Gina-Marie Cheeseman
| Wednesday May 28th, 2008 | 0 Comments

All over Washington, you can hear the giant scraping sound of officials and legislators frantically back-tracking,” begins the U.S. edition of George Monbiot’s book Heat: How to Stop the Planet from Burning. In 2007 the sound of scraping must have echoed because the U.S. Senate introduced two climate change bills.
The Climate Security Act, also known as the Lieberman-Warner bill, after its two sponsors, Senators Joe Lieberman and John Warner, would establish a cap and trade program. It would require the Environmental Protection Agency’s (EPA) administrator to establish a greenhouse gas (GHG) emissions registry, and provides for the exchanging, transferring, submitting, retiring, or borrowing of emission allowances.


Introduced last October, in December the Senate Environment and Public Works Committee voted to present the Act to the full Senate. Majority Leader Senator Harry Reid announced in April that the Senate will begin to debate it in June.
The Act also establishes the Climate Change Credit Corporation which would auction emission allowances, and the Carbon Market Efficiency Board which would observe and report on the GHG emission market. The proceeds from GHG emission allowances would be used to mitigate the effects of global warming in disadvantaged communities in other countries.
The first climate change bill approved by a congressional committee, the Act passed through the Senate’s Environment and Public Works Committee with a vote of 11 to eight.
In April Senator Lieberman released a statement after the Environmental Information Administration (EIA) released its analysis of the Act. “Two separate government analyses have now come to the same conclusion,” said Lieberman. “Our bill curbs global warming without harming the US economy.”
According to the EIA analysis, if the Act were implemented, the U.S. gross domestic product (GDP) would grow continuously. The EIA also found that the under the Act, wind and solar energy use would expand in the U.S.
Senator Warner said, “I am pleased that the Energy Information Administration has confirmed what Senator Lieberman and I firmly believe: Americans can make significant reductions in our greenhouse gas emissions in a manner that does not harm the economy.”
A number of environmental groups endorsed the Act, including the National Wildlife Federation (NWF), Environmental Defense (ED), and the National Resources Defense Council.
“This is a bipartisan breakthrough on global warming that takes us a giant step closer to a historic vote in the United States Senate. I commend Senator Lieberman and Senator Warner for drafting a strong bill to protect wildlife from global warming,” said Larry Schweiger, President and CEO of NWF.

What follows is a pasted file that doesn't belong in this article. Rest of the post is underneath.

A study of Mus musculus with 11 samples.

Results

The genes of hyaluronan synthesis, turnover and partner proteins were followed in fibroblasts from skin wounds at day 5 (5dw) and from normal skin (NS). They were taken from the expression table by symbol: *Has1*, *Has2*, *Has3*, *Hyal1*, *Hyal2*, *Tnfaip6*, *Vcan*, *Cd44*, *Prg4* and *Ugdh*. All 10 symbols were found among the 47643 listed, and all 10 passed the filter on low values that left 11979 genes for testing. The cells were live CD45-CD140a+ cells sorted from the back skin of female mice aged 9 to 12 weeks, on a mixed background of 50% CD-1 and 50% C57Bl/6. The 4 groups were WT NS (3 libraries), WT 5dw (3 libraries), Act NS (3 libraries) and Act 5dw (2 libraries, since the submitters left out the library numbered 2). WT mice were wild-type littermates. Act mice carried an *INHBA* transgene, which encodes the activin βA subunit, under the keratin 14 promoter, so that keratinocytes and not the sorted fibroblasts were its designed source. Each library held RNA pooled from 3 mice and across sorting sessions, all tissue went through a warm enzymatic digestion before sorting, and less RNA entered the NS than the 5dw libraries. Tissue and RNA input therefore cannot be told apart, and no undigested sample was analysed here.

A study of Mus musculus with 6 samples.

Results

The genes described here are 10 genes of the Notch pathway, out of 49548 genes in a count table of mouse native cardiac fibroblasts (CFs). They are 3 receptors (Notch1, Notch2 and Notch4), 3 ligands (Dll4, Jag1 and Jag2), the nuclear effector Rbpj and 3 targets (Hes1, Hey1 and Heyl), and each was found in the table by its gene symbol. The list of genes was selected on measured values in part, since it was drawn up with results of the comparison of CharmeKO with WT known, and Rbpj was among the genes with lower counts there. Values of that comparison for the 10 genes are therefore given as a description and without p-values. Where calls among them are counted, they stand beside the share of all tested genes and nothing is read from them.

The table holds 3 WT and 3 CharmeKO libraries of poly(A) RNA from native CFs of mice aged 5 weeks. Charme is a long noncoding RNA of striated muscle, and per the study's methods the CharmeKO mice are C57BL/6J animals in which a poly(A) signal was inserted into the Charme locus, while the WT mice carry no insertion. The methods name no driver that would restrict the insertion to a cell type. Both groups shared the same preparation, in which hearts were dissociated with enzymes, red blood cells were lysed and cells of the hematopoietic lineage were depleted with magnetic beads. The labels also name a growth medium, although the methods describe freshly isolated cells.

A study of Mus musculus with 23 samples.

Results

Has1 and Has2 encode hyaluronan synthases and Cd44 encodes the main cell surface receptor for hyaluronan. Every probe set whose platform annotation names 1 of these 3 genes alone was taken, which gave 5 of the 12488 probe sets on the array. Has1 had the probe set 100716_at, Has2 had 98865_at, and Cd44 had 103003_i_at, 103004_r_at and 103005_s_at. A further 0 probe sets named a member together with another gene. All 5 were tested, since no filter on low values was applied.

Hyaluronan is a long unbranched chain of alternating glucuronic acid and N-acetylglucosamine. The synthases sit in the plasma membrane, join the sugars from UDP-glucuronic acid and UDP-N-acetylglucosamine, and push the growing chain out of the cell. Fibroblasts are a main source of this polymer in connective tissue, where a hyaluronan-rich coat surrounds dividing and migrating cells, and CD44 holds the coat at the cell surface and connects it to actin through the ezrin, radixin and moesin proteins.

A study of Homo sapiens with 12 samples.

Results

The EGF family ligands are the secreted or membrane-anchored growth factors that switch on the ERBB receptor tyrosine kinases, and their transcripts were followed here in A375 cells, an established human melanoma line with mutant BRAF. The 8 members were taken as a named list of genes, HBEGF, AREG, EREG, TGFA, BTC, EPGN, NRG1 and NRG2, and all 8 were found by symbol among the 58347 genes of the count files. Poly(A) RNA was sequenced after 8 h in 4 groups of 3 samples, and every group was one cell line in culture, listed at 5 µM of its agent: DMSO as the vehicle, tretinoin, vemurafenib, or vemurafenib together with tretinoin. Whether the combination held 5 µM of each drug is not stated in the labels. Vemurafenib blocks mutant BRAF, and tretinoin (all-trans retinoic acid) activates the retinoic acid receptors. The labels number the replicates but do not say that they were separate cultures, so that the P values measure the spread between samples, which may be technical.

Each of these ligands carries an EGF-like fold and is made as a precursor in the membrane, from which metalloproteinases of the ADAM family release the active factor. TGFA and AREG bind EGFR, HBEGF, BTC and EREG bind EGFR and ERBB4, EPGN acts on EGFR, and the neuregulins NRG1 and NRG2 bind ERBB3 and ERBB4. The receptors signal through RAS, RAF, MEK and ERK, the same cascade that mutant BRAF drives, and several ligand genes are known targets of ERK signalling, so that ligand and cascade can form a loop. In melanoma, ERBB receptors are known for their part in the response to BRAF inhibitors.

“Lieberman and Warner have paved the way for a historic committee vote on a bill that promises to make great strides toward climate security and economic growth. Thanks to their thoughtful approach we’re moving beyond talk and quickly toward action,” said Steve Cochran, the National Climate Campaign Director of ED.
“The bill also recognizes the need to direct proceeds from the pollution allowance market to important policy objectives, including promoting clean energy solutions, protecting the poor and other consumers, ensuring a just transition for workers in affected industries, and preventing impacts abroad that lead to conflicts and threats to security,” said Frances Beinecke, President of the NRDC.
The Low Carbon Economy Act
The Low Carbon Economy Act, also known as the Bingaman-Specter bill, named for its sponsors, Senators Jeff Bingaman and Arlen Specter, establishes a mandatory cap and trade program on GHGs.
The Pew Center of Climate Change expressed concerns about the Act, specifically the “low price cap contained in the bill.” The Center believes that “intervening in the market through a low price cap could both render the emission levels established in the bill meaningless and undermine investment in the next generation of climate-friendly technologies.”
The EIA’s analysis found that the Act “would raise energy prices and reduce American economic output but by less than other proposed bills owing to several special provisions.” However, the EIA also found that the use of the Act’s Technology Accelerator Payment (TAP), which provides a limit on the price of emissions allowances trading, would result in GHG emissions 26 percent above the 1990 target level.
“Compared to Lieberman-McCain, Bingaman-Specter requires a smaller percentage reduction of emissions in covered sectors,” the EPA stated.
“I believe our legislation represents a strong and balanced approach,” said Senator Bingaman. “It will dramatically reduce U.S. greenhouse gas emissions while also spurring new energy technologies, protecting the American economy and engaging developing nations in their efforts to address climate change. It’s a bipartisan approach that strikes the right balance and would return the U.S. to a position of global leadership.”
“This legislation provides a deliberative and measured response to climate change. It brings together many interest groups in the fight against global warming, and I believe this is a bill that can be passed,” said Senator Specter.
Sierra Club’s Dan Becker expressed concerns: “It’s too weak … It would be better to wait until more members of Congress understand that the heat is on them to act, and that may have to wait until the next Congress and the next president.”